Striking Teachers Push Back Against Scabs in Los Angeles


As Splinter wrote:

The strike comes amidst a decade-long influx of charter schools in Los Angeles and historic underfunding that have left the students, 90 percent of whom are non-white, without librarians or nurses and forced teachers to flee to higher-paying jobs in nearby districts. According to the local CBS station, the strike was called after 21 months of failed negotiations between UTLA and the district.

Teachers on social media were also quick to point out that the district had money to hire scabs to break the strike, but refuses to meet their demands.

According to Splinter:

In preparation for the strike, the school hired 400 substitutes and convinced 2,000 administrators to be scabs and fill in for striking teachers.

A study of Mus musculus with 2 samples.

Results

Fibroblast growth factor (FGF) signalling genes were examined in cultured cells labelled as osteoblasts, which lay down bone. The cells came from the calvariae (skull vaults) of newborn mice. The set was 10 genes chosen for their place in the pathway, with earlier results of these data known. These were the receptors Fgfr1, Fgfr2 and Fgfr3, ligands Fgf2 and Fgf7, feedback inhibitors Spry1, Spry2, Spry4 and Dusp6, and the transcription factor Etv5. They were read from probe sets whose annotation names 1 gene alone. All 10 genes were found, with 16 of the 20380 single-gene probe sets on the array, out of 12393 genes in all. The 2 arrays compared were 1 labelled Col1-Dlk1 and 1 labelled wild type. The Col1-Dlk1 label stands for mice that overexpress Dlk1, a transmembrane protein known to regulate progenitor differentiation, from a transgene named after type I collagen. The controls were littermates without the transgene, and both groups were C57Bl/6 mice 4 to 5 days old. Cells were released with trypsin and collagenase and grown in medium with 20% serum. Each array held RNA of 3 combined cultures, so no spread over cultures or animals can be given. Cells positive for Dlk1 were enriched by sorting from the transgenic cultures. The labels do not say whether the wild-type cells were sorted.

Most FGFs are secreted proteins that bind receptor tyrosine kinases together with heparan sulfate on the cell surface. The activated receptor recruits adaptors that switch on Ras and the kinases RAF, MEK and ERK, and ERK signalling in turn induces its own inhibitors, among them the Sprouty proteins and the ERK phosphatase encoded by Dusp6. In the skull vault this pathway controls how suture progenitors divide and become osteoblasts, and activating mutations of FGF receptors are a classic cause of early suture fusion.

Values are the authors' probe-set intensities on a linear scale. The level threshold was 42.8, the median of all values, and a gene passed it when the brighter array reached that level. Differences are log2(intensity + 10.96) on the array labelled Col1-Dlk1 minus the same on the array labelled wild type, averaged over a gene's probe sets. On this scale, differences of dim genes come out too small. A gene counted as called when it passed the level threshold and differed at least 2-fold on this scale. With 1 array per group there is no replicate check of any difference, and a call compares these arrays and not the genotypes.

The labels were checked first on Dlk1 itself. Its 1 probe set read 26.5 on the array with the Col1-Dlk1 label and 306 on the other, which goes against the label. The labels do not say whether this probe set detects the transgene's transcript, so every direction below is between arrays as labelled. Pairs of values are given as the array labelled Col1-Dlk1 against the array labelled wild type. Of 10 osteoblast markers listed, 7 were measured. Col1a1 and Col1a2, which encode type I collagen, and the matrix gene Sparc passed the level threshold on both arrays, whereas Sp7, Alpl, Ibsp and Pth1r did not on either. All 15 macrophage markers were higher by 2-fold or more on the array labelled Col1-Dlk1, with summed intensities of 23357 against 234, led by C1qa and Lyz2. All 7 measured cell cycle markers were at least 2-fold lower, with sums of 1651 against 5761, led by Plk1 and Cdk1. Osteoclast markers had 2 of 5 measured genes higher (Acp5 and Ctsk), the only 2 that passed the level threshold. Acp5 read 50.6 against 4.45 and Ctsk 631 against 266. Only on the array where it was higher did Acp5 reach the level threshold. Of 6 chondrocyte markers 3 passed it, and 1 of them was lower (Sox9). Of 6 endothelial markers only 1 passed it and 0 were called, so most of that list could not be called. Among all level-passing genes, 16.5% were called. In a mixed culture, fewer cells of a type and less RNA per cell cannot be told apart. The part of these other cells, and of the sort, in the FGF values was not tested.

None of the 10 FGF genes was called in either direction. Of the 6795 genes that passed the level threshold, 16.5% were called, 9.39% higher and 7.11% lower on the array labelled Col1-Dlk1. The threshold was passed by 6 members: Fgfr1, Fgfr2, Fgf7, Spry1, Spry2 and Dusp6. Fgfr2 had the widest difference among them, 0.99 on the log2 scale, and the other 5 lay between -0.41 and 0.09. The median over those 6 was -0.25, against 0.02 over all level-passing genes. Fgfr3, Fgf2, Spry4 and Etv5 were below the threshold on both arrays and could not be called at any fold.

As boingboing wrote:

[The school administration has raised] $3 millionto pay “teachers, campus aides, special education assistants, nurses and teachers aides” sourced through at least five temp agencies.

The 400 will be joined by 2,000 non-teachers-union LAUSD employees with teaching credentials who do not currently teach (these employees may end up sympathy striking instead). 4,400 more scabs are lined up and ready to go if the strike continues.

The scabs will be paid steep premiums for crossing the picket line: for example, union K-12 substitute teachers make $190/day, while the scabs who replace them will make $227-$315/day.

Striking teachers haven’t been taking this attempt to break the strike lying down though, as seen in various video released on Tuesday, teachers have been successful in blocking scabs from coming onto school grounds.

This activity: keeping scabs from coming to work to break the strike, is going to be critical if the strike is to succeed, and another reason why those looking to support the strike must also join the pickets in solidarity.